Freeman's upcoming Asian Arts auction includes a selection of fine Chinese porcelains, including a rare Yongzheng 'Dragon and Waves' Meiping and a Longquan Celadon vase
04/08/2021 News and Film, Asian Arts
Update: Lot 21 sold for $2,316,000 in the April 8 auction, far surpassing its pre-sale estimate of $150,000 - $250,000. Learn more about the results of this impressive auction here.
The present vase is a rare example of a small group of wares made for the Yongzheng emperor, inspired by Yongle period (1402–1424) porcelain prototypes, themselves based on earlier Yuan styles of decoration, which feature reserved dragons carved in low relief against a ground of crashing waves executed in variations of underglaze blue and red.
There appear to be two closely related Yongzheng mark and period meiping types of which the present vase is a part: One version is slightly larger with more stylized crashing waves; the second group, to which the present vase belongs, appears to be more solidly potted and more closely aligned to the Yongle period prototypes. Such reconstructed meipings were excavated at the Imperial kiln sites at Dongmentou in 1994 and Zhushan in 1999 and 2003.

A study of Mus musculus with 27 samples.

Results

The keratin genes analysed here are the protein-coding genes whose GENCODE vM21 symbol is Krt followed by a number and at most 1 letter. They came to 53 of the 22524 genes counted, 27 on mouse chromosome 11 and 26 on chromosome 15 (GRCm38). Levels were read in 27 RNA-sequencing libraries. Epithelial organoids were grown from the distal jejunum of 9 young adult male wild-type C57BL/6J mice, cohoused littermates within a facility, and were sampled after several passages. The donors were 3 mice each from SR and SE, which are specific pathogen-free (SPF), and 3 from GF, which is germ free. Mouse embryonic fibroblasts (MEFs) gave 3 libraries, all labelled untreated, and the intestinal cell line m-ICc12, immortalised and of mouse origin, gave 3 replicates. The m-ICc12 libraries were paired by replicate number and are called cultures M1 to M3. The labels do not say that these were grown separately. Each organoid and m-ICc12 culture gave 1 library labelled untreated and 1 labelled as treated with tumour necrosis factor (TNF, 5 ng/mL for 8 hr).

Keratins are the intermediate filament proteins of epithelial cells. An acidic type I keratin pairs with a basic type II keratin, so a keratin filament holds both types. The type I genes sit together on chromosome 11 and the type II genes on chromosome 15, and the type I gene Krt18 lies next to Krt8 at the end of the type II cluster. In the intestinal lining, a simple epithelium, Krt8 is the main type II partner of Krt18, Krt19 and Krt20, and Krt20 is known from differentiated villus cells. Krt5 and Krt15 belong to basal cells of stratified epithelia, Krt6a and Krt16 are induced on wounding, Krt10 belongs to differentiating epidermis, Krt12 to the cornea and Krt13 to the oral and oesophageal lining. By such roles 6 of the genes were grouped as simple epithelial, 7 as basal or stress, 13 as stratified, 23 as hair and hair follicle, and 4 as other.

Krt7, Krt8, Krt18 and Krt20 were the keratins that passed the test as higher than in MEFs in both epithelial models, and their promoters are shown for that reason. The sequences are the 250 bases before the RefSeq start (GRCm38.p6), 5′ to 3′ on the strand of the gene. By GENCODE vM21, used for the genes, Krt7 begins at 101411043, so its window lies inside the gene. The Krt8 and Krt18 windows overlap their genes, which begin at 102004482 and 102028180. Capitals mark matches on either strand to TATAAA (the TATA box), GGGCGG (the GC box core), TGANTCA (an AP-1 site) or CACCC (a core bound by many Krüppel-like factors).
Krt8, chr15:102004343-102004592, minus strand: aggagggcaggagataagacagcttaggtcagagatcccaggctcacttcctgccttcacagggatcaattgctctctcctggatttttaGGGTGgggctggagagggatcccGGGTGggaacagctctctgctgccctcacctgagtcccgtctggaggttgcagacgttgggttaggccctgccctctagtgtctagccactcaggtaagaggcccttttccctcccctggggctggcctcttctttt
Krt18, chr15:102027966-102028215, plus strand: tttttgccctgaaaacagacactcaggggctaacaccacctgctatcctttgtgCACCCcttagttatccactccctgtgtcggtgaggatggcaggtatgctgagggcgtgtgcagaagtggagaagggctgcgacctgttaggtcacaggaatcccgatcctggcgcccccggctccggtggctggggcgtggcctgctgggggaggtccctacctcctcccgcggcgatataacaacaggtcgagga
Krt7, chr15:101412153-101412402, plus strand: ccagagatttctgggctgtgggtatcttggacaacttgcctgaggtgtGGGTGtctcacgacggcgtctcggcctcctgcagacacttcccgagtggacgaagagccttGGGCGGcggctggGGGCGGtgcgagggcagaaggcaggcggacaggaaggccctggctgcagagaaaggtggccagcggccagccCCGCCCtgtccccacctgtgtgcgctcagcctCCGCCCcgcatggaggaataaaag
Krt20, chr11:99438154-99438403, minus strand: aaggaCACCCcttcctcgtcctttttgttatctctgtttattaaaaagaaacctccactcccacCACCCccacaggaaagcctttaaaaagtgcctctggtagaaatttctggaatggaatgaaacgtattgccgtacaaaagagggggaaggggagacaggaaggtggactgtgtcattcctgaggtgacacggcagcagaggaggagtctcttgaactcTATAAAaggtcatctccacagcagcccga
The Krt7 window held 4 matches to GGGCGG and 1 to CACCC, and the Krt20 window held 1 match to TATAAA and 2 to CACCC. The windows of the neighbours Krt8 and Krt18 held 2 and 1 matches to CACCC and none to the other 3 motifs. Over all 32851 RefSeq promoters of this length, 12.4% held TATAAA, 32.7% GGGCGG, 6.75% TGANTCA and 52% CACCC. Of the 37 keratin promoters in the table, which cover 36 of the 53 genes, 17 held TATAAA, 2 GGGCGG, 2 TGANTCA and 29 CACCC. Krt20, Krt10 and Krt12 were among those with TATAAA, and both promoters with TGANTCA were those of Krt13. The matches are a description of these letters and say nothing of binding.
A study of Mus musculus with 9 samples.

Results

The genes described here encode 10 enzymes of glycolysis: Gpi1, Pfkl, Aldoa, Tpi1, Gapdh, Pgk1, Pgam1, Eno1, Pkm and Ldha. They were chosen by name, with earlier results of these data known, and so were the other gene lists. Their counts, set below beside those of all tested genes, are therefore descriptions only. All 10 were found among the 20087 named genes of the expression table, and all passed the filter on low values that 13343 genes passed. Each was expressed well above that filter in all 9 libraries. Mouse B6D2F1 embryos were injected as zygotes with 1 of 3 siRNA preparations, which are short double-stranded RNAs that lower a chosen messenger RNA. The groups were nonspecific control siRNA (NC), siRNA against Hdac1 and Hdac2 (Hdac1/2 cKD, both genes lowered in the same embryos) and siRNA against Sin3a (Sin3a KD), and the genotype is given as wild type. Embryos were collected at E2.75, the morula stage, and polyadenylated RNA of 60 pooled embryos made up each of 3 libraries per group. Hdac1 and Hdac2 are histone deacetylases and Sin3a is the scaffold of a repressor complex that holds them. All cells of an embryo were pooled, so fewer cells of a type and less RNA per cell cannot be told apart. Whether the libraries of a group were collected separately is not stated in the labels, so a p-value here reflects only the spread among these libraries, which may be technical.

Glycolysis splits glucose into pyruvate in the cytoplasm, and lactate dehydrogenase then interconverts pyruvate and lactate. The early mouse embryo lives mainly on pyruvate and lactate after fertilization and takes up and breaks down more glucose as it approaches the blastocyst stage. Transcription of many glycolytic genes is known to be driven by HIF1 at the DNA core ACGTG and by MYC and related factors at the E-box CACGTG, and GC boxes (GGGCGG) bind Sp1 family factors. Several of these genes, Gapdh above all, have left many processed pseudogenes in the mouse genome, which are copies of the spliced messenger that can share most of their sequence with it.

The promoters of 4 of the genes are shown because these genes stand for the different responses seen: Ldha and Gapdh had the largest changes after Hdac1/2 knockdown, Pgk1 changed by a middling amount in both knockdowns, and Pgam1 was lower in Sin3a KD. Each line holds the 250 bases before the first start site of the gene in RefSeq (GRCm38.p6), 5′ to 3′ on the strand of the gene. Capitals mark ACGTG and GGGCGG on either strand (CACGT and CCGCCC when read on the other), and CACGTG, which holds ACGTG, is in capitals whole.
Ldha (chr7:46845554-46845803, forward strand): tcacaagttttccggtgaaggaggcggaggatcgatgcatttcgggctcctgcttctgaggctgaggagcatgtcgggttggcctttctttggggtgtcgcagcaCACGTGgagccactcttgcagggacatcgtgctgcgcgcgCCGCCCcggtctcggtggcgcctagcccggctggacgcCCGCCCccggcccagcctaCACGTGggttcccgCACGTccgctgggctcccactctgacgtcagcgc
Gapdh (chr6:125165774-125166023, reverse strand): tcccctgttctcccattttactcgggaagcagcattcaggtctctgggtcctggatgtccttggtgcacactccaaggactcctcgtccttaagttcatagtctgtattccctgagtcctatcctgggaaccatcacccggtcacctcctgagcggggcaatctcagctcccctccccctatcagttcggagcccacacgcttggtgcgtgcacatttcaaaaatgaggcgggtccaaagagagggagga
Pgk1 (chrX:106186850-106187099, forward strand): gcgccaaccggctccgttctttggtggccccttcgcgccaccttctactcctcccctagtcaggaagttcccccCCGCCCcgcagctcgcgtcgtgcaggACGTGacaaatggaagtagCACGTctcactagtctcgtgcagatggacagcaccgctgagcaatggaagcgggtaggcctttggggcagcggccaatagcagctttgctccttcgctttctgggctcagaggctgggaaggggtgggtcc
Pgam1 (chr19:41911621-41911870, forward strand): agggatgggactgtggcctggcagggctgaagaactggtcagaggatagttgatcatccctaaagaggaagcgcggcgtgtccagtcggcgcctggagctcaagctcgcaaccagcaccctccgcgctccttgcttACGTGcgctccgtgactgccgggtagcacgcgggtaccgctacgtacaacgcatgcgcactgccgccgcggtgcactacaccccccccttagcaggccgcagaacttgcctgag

The theme of larger and smaller dragons has been related to the saying “Canlong jiaozi,” which may be translated as “the Eastern [Blue] dragon teaching his son.” This has been understood to imply both the importance of teaching the young and also to bringing one’s descendants up to succeed in court or higher office. This would certainly have been relevant for the Yongzheng Emperor who succeeded his illustrious father, the Kangxi Emperor, and in turn was to nurture the development of his own son, the Qianlong Emperor. These three Emperors collectively reigned over what may be described as a golden age for China and the Arts.
The elegant potting and refinement of silhouette—together with the quality and style of the incised designs—strongly support this vessel’s inclusion among a body of works made for Chinese imperial use during the early 15th century reigns of the Yongle and Xuande emperors.
The motif of auspicious fruiting sprays, such as peaches, grapes, lychees, kumquats, pomegranates and loquats (also known as Chinese plums) often decorated Jingdezhen porcelains and Longquan celadons of this period. The rounded fruit borne on long curved stems with deeply ridged lanceolate leaves found on the present vase are likely to be loquats, which were rarely used as a main motif. Because it flowers in the autumn and winter and the fruit ripens in the spring, the loquat symbolizes endurance, overcoming adversity, and luck. The bright yellow color of the ripe fruit is also said to symbolize gold or wealth.